In a landmark ruling, an Oklahoma judge has held Johnson & Johnson accountable for the state’s opioid crisis and ordered the company to pay $572 million, CNN reported. The Aug. 26 decision marks the end of the first such state case to go to trial.
In his ruling, Cleveland County District Judge Thad Balkman called Johnson & Johnson a “public nuisance,” saying that it “engaged in false and misleading marketing” of its opioids, flooding the state with drugs and contributing to an epidemic. Balkman reserved jurisdiction over the case in the event that a single year’s funding of abatement costs is insufficient. The company vowed to appeal the decision.
The plaintiff had asked the court for a record $17.2 billion to fund an abatement plan to end an opioid crisis that has killed 6,000 Oklahomans. The $572 million award comes after the state this year settled with two other drugmakers: $270 was won from Purdue Pharma, which manufactures OxyContin, and $85 million from Teva Pharmaceuticals.
“The Oklahoma verdict is a significant step toward funding the monumental task that lies ahead — to try to repair the damage done by these harmful acts,” said James D. Young, a Morgan & Morgan litigation attorney specializing in whistleblower cases. “Addiction has torn apart communities and families across this country, and it will take many years and many millions of dollars to put into place the programs and services to start healing. This judgment, while significant, is just the first of many such judgements to come.”
According to the Centers for Disease Control and Prevention (CDC), in the United States, over 700,000 people died from drug overdoses between 1999 and 2017. More than 70,000 of those deaths occurred in the latter year alone, and over two-thirds in 2017 involved prescribed or illicit opioids. That year also marked a sixfold increase over 1999 in opioid-connected deaths, the CDC reported. Every day, an average of 130 Americans die from an opioid overdose.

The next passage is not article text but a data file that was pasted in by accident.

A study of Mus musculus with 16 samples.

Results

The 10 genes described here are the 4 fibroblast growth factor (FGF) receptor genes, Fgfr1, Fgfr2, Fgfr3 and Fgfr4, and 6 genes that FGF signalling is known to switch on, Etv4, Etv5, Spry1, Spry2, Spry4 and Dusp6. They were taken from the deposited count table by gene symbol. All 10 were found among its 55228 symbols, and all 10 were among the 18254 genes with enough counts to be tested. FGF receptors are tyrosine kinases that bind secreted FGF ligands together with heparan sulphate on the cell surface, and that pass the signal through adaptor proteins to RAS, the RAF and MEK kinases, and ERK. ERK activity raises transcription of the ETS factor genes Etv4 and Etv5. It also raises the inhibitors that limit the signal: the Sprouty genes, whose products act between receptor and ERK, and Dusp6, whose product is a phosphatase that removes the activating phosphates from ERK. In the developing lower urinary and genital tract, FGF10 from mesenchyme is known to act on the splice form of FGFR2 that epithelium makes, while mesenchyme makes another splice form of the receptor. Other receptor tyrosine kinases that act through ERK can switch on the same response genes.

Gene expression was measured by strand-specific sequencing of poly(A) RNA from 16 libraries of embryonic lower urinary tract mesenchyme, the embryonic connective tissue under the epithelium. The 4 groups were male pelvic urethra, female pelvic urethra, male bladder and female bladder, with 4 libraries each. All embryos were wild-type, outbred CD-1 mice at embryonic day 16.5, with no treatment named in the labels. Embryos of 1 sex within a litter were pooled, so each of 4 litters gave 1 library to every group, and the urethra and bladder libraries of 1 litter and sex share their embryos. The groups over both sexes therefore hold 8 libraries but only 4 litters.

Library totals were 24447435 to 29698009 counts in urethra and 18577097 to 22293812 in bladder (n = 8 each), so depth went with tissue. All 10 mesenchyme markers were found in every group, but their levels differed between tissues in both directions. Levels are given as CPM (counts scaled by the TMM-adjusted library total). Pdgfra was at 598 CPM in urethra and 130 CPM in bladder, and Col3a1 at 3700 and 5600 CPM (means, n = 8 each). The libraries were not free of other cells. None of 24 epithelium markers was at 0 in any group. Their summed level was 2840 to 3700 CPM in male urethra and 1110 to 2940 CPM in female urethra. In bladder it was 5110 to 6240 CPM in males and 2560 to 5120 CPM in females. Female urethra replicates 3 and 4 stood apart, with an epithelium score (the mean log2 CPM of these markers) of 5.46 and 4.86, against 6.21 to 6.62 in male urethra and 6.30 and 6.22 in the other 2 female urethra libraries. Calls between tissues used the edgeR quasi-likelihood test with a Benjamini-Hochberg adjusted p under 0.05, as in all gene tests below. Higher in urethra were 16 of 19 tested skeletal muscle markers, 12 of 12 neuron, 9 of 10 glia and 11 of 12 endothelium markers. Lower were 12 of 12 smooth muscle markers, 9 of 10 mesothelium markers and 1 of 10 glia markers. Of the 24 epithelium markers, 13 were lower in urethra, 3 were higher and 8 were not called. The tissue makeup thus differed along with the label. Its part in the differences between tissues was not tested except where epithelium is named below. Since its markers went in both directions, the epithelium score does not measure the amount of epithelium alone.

To address this scourge, which the Department of Health and Human Services has declared a public health emergency, a federal trial encompassing almost 2,000 cases is slated for fall in Ohio. Morgan & Morgan’s Young, a member of the Plaintiff’s Executive Committee, is focused on the national litigation and the upcoming trial in Cleveland.
The ravages of the opioid crisis in America cannot be overstated, and the physical, mental, and financial costs of drug addiction are immeasurable. Evidence suggests that the healthcare industry knowingly failed to protect the patients it claimed to serve. This epidemic appears to have started with the opioid manufacturers themselves, extending to the doctors who prescribed these pills by the billions.
Morgan & Morgan is proud to represent six counties in Northeastern Oklahoma in opioid litigation. While our firm represents numerous impacted cities and counties, we are also reviewing potential claims on behalf of individual victims. If you or a loved one has lost a family member to an opioid addiction or overdose, you may be able to hold the drug manufacturer accountable and seek some measure of justice and compensation, and we’re ready to fight for you and your family. Give us a call today to set up a free, no-obligation case review.